You might be forgiven for expecting that a Defence Secretary giving a speech on defence during an election campaign would involve an announcement about his party’s defence policy. And Michael Fallon did ‘announce’ something today, which is that the Tories would commit to four nuclear submarines, updated missiles and warheads in a renewal of the Trident continuous at-sea nuclear deterrent. This was an announcement in the sense that the Defence Secretary said it in a speech with a party-branded board behind him, but it wasn’t a surprise.
What was a surprise was that Fallon, usually one of the cannier political operators out there, managed to give a speech attacking another party’s defence policy and claiming that his Prime Minister ‘always puts defence first’ while dodging a commitment to maintaining spending at 2 per cent of GDP. When we asked Fallon about this afterwards, he listed the spending commitments Cameron had made, said the manifesto would be published next week, and that he would be speaking again on defence tomorrow.
Even more surprising was that the attack on Ed Miliband, the centrepiece of the speech, wasn’t a very good one. He is prepared to stab the country in the back, just like he stabbed his brother back, argued Fallon, but within the same speech he asked us to ‘imagine Ed Miliband limping into office aided by the crutch of the SNP’. This attempt at a John Lennon lyric contradicted the main attack. Ed Miliband the limping assassin, stabbing the country ineffectually yet dangerously in the back – perhaps even with a crutch. If Miliband was able to stab his brother in the back, doesn’t that make him ruthless, not weak?
Still more contradictory was the fact that the Conservatives and the Liberal Democrats disagree on the renewal of Trident, yet have managed five years of Coalition with an agreement to disagree on the issue. Of course, parties cannot agree to disagree forever (though it’s often something modern politicians would quite like to do as then they don’t need to be the ones who take the decisions), and Fallon’s argument was that you just don’t know what is going to happen in a partnership between Labour and the SNP.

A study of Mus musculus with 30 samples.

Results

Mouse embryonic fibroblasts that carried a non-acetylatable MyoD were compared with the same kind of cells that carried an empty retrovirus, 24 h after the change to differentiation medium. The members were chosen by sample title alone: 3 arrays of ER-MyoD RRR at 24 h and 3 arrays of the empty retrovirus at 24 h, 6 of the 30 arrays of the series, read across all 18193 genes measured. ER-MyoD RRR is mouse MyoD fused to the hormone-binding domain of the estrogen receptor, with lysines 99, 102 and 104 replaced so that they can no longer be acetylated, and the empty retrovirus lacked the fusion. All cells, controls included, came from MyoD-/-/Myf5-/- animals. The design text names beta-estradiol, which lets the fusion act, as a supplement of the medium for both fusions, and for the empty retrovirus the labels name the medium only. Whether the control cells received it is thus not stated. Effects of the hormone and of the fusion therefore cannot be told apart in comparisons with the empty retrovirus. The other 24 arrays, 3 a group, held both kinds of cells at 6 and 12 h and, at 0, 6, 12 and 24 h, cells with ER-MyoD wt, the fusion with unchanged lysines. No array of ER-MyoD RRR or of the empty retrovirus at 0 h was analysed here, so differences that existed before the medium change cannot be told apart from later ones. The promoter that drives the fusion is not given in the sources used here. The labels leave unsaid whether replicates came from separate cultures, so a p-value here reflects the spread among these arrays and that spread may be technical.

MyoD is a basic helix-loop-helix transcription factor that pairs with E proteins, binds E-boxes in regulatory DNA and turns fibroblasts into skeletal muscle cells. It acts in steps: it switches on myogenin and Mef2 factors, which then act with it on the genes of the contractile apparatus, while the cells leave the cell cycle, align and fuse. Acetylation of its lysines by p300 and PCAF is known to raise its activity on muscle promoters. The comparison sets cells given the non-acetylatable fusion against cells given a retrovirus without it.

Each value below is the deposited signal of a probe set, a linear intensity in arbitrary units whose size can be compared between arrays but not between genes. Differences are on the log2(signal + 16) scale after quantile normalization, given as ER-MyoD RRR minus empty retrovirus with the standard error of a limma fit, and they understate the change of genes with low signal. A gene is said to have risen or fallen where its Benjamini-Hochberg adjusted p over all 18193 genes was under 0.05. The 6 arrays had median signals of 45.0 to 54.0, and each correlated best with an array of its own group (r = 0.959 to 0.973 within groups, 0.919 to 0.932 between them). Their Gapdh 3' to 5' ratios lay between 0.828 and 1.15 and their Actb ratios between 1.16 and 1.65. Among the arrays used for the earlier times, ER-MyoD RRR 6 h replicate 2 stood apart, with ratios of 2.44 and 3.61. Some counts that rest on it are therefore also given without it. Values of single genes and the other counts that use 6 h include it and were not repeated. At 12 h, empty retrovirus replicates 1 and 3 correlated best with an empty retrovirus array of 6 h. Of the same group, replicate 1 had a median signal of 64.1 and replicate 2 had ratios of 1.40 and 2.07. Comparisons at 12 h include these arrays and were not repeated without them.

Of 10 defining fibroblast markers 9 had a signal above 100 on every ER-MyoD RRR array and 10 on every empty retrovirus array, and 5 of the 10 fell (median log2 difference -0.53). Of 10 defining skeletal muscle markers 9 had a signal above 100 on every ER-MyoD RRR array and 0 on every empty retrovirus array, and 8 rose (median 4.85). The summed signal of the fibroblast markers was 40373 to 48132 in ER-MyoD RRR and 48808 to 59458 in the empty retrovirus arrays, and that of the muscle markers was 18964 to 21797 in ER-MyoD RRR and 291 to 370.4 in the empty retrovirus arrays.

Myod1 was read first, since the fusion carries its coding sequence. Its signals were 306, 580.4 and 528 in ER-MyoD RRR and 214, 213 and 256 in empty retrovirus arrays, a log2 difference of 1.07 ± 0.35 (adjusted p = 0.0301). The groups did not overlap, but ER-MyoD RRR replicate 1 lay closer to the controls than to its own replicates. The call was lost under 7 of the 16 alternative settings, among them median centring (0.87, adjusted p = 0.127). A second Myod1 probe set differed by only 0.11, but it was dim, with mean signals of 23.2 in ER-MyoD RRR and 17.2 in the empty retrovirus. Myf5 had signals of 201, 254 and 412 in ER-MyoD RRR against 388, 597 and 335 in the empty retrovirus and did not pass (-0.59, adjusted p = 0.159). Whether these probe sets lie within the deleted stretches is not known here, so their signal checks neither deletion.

Why are the Tories launching this sort of attack anyway? It gave Miliband the chance to denounce the party that should be shaking off its Nasty Party image as descending into the gutter. ‘Decent Conservatives across our country will say – come on, we’re better than this. David Cameron should be ashamed,’ he told his own event that was taking place at the same time as the Fallon speech. The public already remember that Miliband stood for the leadership when his brother wanted it too – do the Tories really need to be the ones pointing that out or can’t they let the doubt that’s already there fester in voters’ minds?
Miliband today claimed that this attack had taken place ‘because a campaign is failing’. He speaks with greater confidence than most, given how static the polls are. But the Tories could at least give the impression of being on top, rather than being so relentlessly negative.